Four years ago, as an 18-year-old and freshman in college, I had my first opportunity to vote in an election. I remember how my excitement was crushed when I realized my options were Hillary Clinton or Donald Trump. I struggled to accept that I would have to vote for a candidate that I didn’t fully believe in.

I found myself asking, “Why do I have to vote for the lesser of two evils?” I knew I would never vote for Trump, but as a registered democrat I couldn’t justify voting for Clinton either. When it came to election day, I had made my decision. I wasn’t going to vote for either candidate because, to me, they didn’t deserve my vote. That’s a decision I regret to this day. 

At one point or another, I think we’ve all questioned whether our individual vote matters. Looking at our nation as a whole, it’s difficult to know if one single vote could alter an election. I might be an idealist with this response, but what people don’t realize is your vote isn’t just one vote. It represents more than your chosen candidate. 

Your vote is your voice, your beliefs and your hopes for our nation. It is a representation of what you aspire to achieve in society and can inspire others that surround you. A candidate doesn’t need to deserve your vote for you to participate in an election. You, yourself, deserve that vote because it’s your right as a citizen and it is a symbol of what matters to you. 

I didn’t realize the importance of my vote during the last election. By not voting for president, I not only helped Trump get elected, but I allowed someone who went against everything I fundamentally believe to become president. Instead of voting for someone who shared some of my goals, I didn’t vote and someone who completely goes against my values is leading our country.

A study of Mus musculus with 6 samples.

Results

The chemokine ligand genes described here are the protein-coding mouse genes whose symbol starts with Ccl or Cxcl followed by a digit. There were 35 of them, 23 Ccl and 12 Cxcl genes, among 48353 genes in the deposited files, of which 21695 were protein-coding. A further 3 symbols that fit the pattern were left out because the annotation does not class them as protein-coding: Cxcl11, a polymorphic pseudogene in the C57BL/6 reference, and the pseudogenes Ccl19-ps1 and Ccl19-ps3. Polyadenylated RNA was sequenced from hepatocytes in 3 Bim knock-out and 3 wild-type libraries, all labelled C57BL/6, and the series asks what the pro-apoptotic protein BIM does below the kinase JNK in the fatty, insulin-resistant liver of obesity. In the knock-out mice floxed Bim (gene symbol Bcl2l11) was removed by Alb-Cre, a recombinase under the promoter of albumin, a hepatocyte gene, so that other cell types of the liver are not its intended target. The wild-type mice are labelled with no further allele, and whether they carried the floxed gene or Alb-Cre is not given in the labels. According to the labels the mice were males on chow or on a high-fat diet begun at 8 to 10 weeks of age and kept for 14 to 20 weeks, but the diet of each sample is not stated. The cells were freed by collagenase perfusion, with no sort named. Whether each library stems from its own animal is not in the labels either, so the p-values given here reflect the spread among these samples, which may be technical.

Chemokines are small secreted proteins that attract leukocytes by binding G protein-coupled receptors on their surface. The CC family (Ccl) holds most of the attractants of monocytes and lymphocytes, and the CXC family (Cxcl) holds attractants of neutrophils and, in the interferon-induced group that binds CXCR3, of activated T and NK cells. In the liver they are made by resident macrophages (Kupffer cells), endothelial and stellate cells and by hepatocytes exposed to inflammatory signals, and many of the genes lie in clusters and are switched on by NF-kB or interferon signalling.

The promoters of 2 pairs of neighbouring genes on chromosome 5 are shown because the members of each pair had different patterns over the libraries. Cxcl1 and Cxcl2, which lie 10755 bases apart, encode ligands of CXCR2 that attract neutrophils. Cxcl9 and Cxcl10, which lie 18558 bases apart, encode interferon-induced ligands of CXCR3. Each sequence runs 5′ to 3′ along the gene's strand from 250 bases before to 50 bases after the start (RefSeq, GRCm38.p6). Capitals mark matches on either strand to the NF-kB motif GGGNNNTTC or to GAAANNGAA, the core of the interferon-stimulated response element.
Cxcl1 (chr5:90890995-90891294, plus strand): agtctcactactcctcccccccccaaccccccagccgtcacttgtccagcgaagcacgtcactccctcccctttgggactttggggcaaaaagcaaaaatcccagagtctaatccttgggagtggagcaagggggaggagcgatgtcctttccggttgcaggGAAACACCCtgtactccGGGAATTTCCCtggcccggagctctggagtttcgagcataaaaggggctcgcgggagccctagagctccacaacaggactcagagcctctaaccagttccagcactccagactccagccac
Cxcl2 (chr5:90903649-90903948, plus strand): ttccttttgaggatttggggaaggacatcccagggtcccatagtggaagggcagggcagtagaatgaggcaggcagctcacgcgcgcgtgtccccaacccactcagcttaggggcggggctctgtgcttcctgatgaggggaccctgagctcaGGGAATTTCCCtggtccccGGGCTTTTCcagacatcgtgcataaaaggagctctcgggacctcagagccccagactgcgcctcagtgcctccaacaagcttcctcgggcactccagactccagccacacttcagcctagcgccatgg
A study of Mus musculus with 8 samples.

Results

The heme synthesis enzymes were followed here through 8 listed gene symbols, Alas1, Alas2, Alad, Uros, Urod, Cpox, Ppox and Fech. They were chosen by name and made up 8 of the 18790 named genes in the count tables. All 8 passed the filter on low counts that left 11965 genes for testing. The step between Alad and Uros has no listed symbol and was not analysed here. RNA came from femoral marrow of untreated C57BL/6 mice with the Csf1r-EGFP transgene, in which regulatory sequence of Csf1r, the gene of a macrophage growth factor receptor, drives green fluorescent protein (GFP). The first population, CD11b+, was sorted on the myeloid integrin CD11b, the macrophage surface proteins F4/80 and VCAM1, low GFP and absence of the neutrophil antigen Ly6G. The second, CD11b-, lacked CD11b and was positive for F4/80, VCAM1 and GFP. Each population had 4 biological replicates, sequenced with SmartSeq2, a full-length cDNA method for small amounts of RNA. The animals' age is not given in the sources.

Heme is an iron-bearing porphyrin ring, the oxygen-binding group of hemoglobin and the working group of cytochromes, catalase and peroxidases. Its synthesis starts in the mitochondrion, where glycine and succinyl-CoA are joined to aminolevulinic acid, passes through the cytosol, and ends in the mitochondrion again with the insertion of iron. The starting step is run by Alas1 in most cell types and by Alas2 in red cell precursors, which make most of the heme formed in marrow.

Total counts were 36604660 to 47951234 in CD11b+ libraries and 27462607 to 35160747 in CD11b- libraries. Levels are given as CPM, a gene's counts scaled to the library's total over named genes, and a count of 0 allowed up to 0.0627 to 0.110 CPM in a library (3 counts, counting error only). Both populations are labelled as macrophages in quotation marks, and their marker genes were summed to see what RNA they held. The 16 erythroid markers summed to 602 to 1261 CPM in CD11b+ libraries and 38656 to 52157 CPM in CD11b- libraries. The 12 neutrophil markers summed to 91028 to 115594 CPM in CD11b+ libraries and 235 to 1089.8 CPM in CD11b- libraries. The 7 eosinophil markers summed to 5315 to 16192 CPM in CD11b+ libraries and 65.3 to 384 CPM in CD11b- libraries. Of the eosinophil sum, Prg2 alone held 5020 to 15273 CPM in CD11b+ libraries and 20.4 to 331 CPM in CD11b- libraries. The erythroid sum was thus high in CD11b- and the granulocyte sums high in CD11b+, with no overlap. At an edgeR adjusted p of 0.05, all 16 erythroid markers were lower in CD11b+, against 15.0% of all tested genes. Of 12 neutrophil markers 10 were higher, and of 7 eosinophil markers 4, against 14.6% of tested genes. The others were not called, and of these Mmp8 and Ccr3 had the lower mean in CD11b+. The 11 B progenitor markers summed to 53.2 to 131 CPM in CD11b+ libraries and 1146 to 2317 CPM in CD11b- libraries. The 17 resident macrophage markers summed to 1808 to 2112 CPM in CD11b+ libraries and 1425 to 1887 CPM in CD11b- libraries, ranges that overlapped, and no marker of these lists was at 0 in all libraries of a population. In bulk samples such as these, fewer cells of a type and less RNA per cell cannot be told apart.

I have been haunted by my lack of participation in the 2016 election. I often think of the thousands of people who might still be alive if someone else was in office during COVID-19. I wonder if George Floyd, Elijah McClain and Breonna Taylor would already have justice if someone else was in office. I wonder if my rights as a woman, the rights of LGBTQ+ people and people of color would not be constantly threatened if someone else was in office. I wonder if I voted, and others who were on the fence voted, if someone else would be in office. I can’t prove that my vote would have made a difference in any of these occurrences, but I have to believe it could have. 

With that I urge you to vote, whether you’re a democrat, republican or independent. Value your beliefs and goals for our nation enough to fight for them. My vote matters and your vote matters, because when we come together the ripple effect our voices have, can change not only an election but the nation. 

Bailey Kormick is a senior studying strategic communication at Ohio University. Please note that the views and opinions of the columnists do not reflect those of The Post. Do you agree? Tell Bailey by emailing her at bk399015@ohio.edu.